Today is the last day for Tennesseans to take action to lower their 2011 federal taxes, according to the Internal Revenue Service.
“In order to claim certain benefits on your 2011 taxes, you need to take action no later than Dec. 31,” said IRS spokesman Dan Boone. “Taking steps now could save you money when you file your taxes next year.”
The IRS said there are seven steps taxpayers can take before the end of the year to save on 2011 taxes.
The first is to make charitable contributions. Donations must be made to qualified charities by the end of today to be deductible for 2011. Taxpayers must have a canceled check, a bank or credit union statement, a credit card statement or a written statement from the charity showing the name of the charity and the date and amount of the contribution. Donations charged to a credit card by Dec. 31 are deductible for 2011 even if the bill isn’t paid until 2012. Clothing and household items donated to charity must be in good used condition or better to be deductible.
Taxpayers can also install energy-efficient home improvements and qualify for either of two home energy credits. Installing energy efficient improvements such as insulation, new windows and water heaters can provide up to $500 in tax savings. Homeowners going green should also check out the Residential Energy Efficient Property Credit, designed to spur investment in alternative energy equipment. For details see Special Edition Tax Tip 2011-08 on the IRS.gov web site.
A third tax-saving route is to contribute the maximum to retirement accounts. Elective deferrals to employer-sponsored 401(k) plans or similar workplace retirement programs, such as a 403(b) plan for employees of public schools and certain tax-exempt organizations, a governmental 457 plan for state or local government employees, and the Thrift Savings Plan for federal employees, must be made by today. However, taxpayers have until April 17, 2012, to set up a new IRA or add money to an existing IRA and still have it count for 2011. A taxpayer normally can contribute up to $5,000 to a traditional or Roth IRA, and up to $6,000 if age 50 or over.
The IRS also said taxpayers can consider a portfolio adjustment by checking investments for gains and losses and making sales by Dec. 31. Taxpayers may normally deduct capital losses up to the amount of capital gains, plus $3,000 from other income. Net capital losses that are more than $3,000 can be carried forward and deducted in future years.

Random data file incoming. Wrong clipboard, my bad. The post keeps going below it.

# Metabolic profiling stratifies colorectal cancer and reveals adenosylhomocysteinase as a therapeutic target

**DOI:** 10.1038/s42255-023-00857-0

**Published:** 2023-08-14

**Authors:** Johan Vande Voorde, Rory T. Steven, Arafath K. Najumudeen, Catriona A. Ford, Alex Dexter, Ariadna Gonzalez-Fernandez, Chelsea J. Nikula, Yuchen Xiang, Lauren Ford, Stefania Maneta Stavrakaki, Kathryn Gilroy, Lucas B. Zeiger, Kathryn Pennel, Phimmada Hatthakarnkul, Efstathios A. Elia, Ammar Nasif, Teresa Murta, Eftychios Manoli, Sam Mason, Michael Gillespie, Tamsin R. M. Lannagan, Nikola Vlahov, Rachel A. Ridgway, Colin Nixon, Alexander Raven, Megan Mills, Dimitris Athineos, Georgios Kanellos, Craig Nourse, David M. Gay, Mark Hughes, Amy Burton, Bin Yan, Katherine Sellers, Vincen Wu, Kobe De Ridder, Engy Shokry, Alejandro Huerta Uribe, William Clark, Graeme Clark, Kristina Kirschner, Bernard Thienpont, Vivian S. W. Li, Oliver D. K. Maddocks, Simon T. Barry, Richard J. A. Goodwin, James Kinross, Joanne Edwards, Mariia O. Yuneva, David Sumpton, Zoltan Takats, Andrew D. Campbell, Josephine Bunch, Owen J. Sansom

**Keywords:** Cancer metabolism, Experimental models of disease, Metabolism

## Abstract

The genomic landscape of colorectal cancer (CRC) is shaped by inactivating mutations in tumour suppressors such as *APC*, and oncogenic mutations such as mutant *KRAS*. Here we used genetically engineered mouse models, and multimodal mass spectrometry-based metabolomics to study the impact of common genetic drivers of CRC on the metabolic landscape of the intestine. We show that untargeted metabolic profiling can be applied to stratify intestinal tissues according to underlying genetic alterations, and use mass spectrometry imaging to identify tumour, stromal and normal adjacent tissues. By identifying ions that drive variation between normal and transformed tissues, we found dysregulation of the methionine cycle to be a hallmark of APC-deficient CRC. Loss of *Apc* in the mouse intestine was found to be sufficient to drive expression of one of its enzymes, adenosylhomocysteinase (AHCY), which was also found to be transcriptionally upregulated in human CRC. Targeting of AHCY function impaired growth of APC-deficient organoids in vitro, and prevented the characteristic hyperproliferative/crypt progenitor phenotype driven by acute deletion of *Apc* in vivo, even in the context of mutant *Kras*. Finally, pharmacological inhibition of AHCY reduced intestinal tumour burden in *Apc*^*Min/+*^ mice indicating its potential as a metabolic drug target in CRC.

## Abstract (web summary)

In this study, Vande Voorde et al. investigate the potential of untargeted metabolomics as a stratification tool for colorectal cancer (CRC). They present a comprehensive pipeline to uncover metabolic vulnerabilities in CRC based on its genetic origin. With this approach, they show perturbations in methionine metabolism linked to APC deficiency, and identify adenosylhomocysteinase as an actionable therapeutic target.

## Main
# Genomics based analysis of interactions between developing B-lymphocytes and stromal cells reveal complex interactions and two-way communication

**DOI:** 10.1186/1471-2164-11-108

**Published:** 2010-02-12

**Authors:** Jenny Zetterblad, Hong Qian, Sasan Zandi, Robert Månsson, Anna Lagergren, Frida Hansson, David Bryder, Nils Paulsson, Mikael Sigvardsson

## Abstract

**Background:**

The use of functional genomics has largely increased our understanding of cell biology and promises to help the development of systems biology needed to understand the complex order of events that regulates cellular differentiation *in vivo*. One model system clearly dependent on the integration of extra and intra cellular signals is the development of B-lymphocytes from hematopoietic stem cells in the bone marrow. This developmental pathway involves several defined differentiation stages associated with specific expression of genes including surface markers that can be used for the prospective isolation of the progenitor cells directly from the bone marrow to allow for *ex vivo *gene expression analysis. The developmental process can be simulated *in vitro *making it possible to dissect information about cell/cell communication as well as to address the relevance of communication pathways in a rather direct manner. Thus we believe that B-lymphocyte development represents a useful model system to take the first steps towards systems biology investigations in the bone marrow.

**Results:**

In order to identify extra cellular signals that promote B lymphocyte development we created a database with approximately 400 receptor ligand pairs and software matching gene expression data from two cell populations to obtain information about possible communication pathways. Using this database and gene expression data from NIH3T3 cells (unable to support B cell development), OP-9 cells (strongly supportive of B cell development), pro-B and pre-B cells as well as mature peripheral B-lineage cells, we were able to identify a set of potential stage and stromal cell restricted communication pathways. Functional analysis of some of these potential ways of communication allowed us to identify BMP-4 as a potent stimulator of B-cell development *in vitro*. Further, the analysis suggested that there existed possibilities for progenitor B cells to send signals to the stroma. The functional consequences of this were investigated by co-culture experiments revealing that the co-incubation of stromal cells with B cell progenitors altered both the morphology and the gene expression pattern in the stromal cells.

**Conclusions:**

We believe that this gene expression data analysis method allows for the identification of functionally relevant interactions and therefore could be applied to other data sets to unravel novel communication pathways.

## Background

Another way to save is to make a qualified IRA charitable distribution, which allows individuals age 70½ or over to exclude up to $100,000 from gross income that is paid directly from their individual retirement accounts to a qualified charity. The excluded amount can be used to satisfy any required minimum distributions that the individual must otherwise receive from their IRAs in 2011. This tax benefit is currently set to expire after today.
For taxpayers who are planning on purchasing certain big-ticket items — such as a car, truck, motorcycle, RV or even an off-road vehicle — may want to do so by today in order to deduct the sales tax paid on that item for 2011. Taxpayers who itemize deductions can take a deduction for sales taxes paid or for state income taxes paid, but since most Tennessee residents don’t pay state income tax, the sales tax deduction is usually more beneficial for tax filers in the Volunteer State. The IRS provides tables and an online calculator to figure the general state and local sales tax deduction amounts, but sales tax paid on certain big-ticket items can be added to the amounts from the IRS tables or calculator.
Lastly, the IRS said small employers should not overlook the small business health care tax credit. Small employers that pay at least half of employee health insurance premiums may qualify for a tax credit of up to 35 percent of the premiums paid. An employer with fewer than 25 full-time employees that pays an average wage of less than $50,000 a year may qualify. For more information, see the Small Business Health Care Tax Credit page on IRS.gov.